Giving Back

Lost-pet Flyers on Pizza Boxes Spark Viral Response

Giovanni Sanfratello with a pizza box with a lost dog flyer on it
Giovanni Sanfratello at his family-owned restaurant in Matawan, New Jersey. (Photo by John O’Boyle)

One night in mid-July, Giovanni Sanfratello felt touched by a lost-pet posting on a local-news Facebook page, so he put up a Facebook post of his own. He offered to tape lost-pet flyers to the pizza boxes at Angelo’s Pizza, his family-owned restaurant in Matawan, New Jersey, a town of about 8,800 residents.

Sanfratello RC’90, understood the anguish of having a pet go missing, and he thought the restaurant could lend a hand to its Central Jersey neighbors. “We’ve always been community oriented at Angelo’s,” he adds.

The next day, he logged back on and saw, to his astonishment, that his post had been viewed more than 50,000 times. “As I’m looking at it, the numbers were just going up,” says Sanfratello, who is also known as John. “They’re changing in front of my eyes.”

Since then, Sanfratello’s off-the-cuff suggestion has been featured on news outlets near and far, from Good Morning America to Yahoo News Australia. And business has ticked up at Angelo’s, which Sanfratello’s father bought in the early 1970s. More important, since the pets-on-pizza-boxes initiative began, it may have helped reunite a lost Pomeranian-Husky mix named Skye with its grateful owner.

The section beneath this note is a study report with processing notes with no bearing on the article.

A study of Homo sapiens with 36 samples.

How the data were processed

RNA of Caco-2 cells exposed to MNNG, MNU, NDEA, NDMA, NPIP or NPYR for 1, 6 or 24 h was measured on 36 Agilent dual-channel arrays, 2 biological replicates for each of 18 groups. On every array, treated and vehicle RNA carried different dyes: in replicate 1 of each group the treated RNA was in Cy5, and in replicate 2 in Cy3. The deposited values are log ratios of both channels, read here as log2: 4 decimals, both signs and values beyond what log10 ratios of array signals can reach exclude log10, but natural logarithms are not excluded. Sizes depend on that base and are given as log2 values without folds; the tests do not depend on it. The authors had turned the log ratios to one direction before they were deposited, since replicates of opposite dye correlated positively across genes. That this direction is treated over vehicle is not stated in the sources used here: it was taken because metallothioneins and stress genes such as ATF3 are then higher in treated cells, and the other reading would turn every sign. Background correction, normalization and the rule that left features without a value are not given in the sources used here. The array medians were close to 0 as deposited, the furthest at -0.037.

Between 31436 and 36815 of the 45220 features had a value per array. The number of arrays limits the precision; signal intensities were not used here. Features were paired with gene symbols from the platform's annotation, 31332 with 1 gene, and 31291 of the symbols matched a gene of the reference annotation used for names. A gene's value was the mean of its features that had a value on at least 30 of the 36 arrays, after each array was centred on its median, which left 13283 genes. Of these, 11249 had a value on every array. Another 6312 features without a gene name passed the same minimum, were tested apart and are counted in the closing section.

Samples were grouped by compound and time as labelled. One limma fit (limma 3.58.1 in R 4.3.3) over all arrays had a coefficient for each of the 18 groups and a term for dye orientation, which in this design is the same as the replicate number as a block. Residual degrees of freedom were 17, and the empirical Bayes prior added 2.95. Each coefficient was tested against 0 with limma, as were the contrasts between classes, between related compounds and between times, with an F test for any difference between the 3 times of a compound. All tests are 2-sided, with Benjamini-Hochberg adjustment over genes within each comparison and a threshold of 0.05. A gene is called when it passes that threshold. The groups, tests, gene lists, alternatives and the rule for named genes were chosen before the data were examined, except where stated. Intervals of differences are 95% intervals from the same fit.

Three or four other pets featured on flyers taped to Angelo’s boxes remain missing, but Sanfratello’s sister, Rosalia DiFede, has adopted the lost-pets-on-boxes idea at her two restaurants in Florida, as have cousins who own cupcake stores in New York.

Sanfratello, who was 3 years old when he and his parents emigrated from Sicily to the United States, helped out in the family business while growing up, doing everything from assembling boxes to making pizzas. After graduating from Rutgers, he worked in finance but in 1998 took over the pizza business from his ailing father. He’s not expecting any of his three children to follow him into the industry, however.

“It’s too many hours. It’s not an easy life.” he says.

As for why his flyers-on-boxes idea went viral, Sanfratello—whose family adores their own two cats, Max and Morris—can only speculate. “It’s a unifying, universal thing,” he says. “Everyone loves their pet. It’s not politics.”